THAI EGGPLANTS AND PEA EGGPLANTS
Thai eggplants, about the size of golf balls, are usually eaten young and green. Crunchy and slightly bitter, they are often pickled, added to sauces, or eaten raw with condiments like prahok k’ti (see recipe). Smaller pea eggplants lose their bitterness when cooked and can be tossed into stir-fries or stews or pounded into pastes.
SHRIMP PASTE AND FISH SAUCE
Shrimp paste, made of salted and fermented shrimp, can be used raw, but is often cooked, then added to pastes and stews. Each country in Southeast Asia makes its own fish sauce (Cambodia’s is called tuk trey; Thai or Vietnamese fish sauce may be substituted)—a thin brown liquid, strongly aromatic, extracted from salted and fermented fish.
The first shoots of the bamboo plant, this fibrous vegetable is sliced and added to soups, stews, and stir-fries for crunch and a touch of sweetness. Fresh shoots, which must be boiled (otherwise they are poisonous), are preferable to canned, but they can be hard to find. If using canned bamboo shoots, buy those that are in large unsliced pieces, and rinse well.
Two rhizomes, or underground stems, in the ginger family appear under this name. Lesser galangal has a pungent aroma with a lemony flavor. Often used in soups, it is sold fresh, frozen, or in jars. More common is galangal itself. It has a pepper and citrus flavor, is best fresh, and, like ginger, is peeled, then thinly sliced or pounded into pastes.
This indispensable flavoring, called prahok, was originally just a practical means of using the abundance of fish (like gourami and mudfish) in Cambodia’s rivers. Some Cambodians chop it up and eat it as a dip, but it is more often used sparingly, sometimes in the form of a less-intense liquid (tuk prahok) made by diluting, cooking, and then straining the prahok.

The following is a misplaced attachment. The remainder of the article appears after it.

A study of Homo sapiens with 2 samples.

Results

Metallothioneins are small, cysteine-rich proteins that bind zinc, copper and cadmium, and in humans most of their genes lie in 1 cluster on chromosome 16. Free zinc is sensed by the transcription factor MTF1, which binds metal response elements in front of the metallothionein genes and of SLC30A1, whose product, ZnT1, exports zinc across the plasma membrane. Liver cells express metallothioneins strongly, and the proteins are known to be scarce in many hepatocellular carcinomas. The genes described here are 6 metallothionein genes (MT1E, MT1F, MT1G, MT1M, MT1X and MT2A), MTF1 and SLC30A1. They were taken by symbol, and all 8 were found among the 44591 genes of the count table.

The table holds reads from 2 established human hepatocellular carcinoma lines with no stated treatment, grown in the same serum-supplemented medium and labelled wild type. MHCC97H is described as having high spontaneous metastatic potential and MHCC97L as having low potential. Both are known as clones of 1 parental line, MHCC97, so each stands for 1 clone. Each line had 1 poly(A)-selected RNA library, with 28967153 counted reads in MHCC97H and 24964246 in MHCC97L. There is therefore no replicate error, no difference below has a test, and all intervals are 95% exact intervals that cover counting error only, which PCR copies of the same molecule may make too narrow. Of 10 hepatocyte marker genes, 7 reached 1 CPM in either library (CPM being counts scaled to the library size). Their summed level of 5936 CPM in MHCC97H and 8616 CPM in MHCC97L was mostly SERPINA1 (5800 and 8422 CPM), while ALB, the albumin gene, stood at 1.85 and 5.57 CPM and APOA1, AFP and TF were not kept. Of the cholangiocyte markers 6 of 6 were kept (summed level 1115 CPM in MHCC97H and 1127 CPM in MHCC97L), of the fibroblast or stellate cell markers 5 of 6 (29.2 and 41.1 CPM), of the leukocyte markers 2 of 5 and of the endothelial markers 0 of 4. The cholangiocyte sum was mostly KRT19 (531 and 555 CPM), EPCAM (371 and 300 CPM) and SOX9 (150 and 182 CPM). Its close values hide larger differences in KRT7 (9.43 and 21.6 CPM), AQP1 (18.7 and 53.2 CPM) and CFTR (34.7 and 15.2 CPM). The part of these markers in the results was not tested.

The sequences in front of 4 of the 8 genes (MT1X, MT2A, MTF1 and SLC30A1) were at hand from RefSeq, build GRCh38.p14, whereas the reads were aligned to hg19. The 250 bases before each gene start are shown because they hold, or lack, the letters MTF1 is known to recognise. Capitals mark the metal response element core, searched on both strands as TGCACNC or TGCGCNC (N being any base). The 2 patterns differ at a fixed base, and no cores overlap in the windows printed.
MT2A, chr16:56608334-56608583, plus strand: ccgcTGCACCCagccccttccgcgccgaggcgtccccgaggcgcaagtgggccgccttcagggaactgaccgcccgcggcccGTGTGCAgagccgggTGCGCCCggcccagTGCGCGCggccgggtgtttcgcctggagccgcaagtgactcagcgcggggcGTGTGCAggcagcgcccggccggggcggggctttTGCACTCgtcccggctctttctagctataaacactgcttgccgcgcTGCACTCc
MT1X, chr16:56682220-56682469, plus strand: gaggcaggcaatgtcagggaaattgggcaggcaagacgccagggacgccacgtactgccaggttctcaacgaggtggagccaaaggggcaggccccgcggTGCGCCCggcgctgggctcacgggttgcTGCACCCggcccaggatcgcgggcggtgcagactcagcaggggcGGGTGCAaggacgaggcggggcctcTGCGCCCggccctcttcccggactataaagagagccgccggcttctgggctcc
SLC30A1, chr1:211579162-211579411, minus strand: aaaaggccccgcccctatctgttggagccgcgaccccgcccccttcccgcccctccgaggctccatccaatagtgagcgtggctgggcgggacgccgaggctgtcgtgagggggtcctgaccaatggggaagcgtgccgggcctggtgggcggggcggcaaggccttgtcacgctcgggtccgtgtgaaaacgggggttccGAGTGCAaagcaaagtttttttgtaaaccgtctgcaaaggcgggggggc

Many types of basil are grown throughout Southeast Asia. Holy basil, which is sometimes called Asian or Thai basil, is distinguished by its dark green color and purple stems or leaves. With a sharp flavor that hints of anise, it is very different from the sweet basil common in Europe and the U.S. It is most
often used fresh, shredded, then added to soups and dressings.
A beanlike fruit cultivated in many tropical areas, tamarind adds tartness to soups, dressings, and sauces. (It is one of the principal ingredients in Worcestershire sauce.) It is sold whole (the sticky pulp is inside dry pods) or in blocks. Remove any seeds, dilute a small amount of pulp in water (about one part pulp to three parts water), mash, then press through a fine sieve.
MUSHROOM SOY SAUCE
Smoother than conventional soy sauce, with a rich, almost meaty flavor, mushroom soy is usually extracted from a mixture of fermented soybeans, wheat, sugar, salt, and shiitake or straw mushrooms. Cambodians use it as a seasoning, splashing it into stews and stir-fries or adding it to marinades for meats and poultry—it imparts a slight golden color.